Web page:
The Silicon Valley Mercury News reports that a Sacramento judge has given California Governor Arnold Schwarzenegger the go-ahead to furlough hundreds of thousands of California government employees for two days a month. Originally, unions had brought legal actions alleging that the Governor had exceeded his power. Under California law the Governor is typically required to negotiate significant changes in pay for state employees with the Legislature. However, the Hon. Patrick Marlette, found that California’s overwhelming budget crisis justified the Governor’s decision, giving it proper legal authority. No doubt, the court considered the impact of the furloughs which will save the state a projected 1.3 billion dollars. Sadly, this is cold comfort for the more than 250,000 Californians who will see a 9% reduction in their annual pay for this fiscal year as a result of the furlough. The furlough is scheduled to begin by early February and may last until the middle of 2010.
At present, the furlough is being cast as an alternative to massive lay-offs. In fact, for many Californians not working in the public sector, lay-offs are already an unfortunate reality. Although, help may be on the way if the house-approved stimulus package is signed into law. The more than 800 billion dollar stimulus is slated to create 4 million jobs, with 800,000 of those in California alone. However this job growth will not be fully realized until the end of 2010. Until then, Californians will likely still continue to cope with job loss and economic downturn.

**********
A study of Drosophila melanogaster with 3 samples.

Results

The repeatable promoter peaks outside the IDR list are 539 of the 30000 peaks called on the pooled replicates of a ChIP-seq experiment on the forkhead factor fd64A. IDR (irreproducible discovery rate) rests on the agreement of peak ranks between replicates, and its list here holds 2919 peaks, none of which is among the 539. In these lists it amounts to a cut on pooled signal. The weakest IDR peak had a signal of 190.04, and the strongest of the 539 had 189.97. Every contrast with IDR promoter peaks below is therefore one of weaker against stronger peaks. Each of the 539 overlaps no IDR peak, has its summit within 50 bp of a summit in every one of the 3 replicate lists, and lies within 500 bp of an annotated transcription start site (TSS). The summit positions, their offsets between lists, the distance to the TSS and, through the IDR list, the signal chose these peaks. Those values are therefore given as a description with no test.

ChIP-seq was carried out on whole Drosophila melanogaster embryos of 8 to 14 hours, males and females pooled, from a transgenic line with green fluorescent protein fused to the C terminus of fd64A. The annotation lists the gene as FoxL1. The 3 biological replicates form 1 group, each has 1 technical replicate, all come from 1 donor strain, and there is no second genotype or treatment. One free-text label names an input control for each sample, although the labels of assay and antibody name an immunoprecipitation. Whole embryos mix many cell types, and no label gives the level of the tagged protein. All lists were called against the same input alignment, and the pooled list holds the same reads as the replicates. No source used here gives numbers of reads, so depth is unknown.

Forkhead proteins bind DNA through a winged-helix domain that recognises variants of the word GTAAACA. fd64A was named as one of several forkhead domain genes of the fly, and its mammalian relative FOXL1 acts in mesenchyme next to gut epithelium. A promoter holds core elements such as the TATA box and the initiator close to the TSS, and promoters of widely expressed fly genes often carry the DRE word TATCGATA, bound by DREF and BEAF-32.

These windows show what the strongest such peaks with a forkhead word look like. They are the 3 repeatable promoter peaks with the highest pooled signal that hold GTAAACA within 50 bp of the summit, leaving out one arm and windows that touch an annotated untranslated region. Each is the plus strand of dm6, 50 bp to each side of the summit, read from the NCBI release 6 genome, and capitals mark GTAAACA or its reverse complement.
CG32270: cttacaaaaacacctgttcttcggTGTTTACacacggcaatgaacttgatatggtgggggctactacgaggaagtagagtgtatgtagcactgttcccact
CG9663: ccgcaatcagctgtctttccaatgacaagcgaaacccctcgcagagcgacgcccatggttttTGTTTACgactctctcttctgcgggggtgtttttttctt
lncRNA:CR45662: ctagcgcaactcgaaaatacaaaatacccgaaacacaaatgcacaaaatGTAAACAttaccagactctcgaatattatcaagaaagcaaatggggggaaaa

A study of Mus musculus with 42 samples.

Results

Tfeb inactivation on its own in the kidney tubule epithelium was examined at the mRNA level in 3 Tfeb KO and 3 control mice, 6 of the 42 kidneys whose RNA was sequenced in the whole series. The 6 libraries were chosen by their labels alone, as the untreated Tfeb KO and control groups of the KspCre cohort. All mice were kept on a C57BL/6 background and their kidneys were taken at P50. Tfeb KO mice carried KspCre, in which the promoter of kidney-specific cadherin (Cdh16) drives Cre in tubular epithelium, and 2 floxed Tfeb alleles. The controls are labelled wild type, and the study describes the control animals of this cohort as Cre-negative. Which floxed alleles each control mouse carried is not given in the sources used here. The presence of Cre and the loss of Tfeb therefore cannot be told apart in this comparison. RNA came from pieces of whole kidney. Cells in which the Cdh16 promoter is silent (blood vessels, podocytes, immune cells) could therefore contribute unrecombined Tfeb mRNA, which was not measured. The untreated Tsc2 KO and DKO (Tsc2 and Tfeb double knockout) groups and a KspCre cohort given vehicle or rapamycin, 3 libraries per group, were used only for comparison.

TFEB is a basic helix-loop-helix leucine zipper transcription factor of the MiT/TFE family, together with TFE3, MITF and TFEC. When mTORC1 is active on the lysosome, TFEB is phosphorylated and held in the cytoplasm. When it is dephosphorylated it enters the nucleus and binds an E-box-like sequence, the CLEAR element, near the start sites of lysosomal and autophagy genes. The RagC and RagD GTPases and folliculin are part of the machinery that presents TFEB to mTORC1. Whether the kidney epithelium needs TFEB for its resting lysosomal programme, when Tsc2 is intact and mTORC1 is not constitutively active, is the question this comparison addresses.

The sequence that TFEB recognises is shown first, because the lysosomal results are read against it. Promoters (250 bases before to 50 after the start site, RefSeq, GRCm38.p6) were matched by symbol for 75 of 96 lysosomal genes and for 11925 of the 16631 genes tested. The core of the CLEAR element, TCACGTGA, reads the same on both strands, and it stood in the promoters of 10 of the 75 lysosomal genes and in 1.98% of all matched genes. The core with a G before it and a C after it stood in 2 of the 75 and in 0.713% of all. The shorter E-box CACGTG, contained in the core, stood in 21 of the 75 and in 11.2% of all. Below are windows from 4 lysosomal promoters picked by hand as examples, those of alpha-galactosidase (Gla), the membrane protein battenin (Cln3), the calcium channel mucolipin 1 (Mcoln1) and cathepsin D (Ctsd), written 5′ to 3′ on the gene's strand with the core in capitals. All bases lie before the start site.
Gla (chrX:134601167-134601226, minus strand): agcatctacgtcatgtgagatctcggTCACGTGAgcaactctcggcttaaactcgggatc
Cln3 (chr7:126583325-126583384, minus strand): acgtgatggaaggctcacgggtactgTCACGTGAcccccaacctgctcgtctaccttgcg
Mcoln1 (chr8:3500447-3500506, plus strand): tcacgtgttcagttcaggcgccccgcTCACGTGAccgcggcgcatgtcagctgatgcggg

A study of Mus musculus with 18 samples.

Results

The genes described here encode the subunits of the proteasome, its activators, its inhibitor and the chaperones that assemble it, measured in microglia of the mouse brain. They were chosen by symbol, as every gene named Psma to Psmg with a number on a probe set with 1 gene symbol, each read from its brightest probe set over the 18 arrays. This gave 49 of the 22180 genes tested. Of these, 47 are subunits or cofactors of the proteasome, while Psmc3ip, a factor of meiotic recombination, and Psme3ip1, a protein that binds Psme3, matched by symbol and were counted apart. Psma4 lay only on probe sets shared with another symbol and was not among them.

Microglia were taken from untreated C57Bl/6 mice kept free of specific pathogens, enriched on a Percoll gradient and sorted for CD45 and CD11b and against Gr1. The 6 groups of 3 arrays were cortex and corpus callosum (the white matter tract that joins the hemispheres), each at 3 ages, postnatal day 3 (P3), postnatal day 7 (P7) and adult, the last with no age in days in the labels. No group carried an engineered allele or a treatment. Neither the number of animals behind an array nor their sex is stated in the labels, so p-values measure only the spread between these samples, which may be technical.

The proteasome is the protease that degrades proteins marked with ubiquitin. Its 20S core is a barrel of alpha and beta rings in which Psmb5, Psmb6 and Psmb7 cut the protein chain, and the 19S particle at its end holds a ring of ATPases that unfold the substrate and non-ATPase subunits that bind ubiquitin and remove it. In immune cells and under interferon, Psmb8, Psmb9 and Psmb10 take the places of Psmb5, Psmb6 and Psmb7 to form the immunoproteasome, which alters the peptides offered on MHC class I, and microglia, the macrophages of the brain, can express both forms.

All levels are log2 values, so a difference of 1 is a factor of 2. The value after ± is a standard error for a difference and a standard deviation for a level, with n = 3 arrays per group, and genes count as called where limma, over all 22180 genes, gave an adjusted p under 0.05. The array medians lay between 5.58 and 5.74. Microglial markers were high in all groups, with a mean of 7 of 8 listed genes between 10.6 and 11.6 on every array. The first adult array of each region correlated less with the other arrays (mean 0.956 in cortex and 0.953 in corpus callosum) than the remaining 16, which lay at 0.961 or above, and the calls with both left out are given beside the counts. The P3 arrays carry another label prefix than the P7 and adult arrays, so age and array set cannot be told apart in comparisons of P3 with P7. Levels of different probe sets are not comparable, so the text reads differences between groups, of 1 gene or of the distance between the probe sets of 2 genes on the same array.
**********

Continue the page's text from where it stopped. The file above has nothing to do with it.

The furloughs are not unique to California. The nationwide recession has prompted many other states to consider and implement work furlough programs either state-wide or in various state departments. In many states, employees who suffer a loss of income as a result of a furlough may be eligible for unemployment benefits for the time they are furloughed. For more information, please visit the website for your state’s department of labor. If you have questions regarding unemployment benefits and/or feel you have been wrongfully denied unemployment insurance, you are encouraged to seek out an attorney experienced in handling unemployment cases.
Finally, because the current economic crisis has produced reduced revenues for many companies, lay-offs and terminations are on the rise. If you feel that you have been wrongfully terminated for cause ( “fired”), you are encouraged to seek out an attorney with experience handling these kinds of cases. Some employers may purposefully terminate an employee who is salaried at a higher rate than others or who may no longer be needed on “trumped up” or untrue bases to avoid that employee collecting unemployment benefits and thus driving up the employers unemployment insurance premiums. If you feel you have been the victim of this, or any other kinds of discrimination, you should seek the advice of an attorney.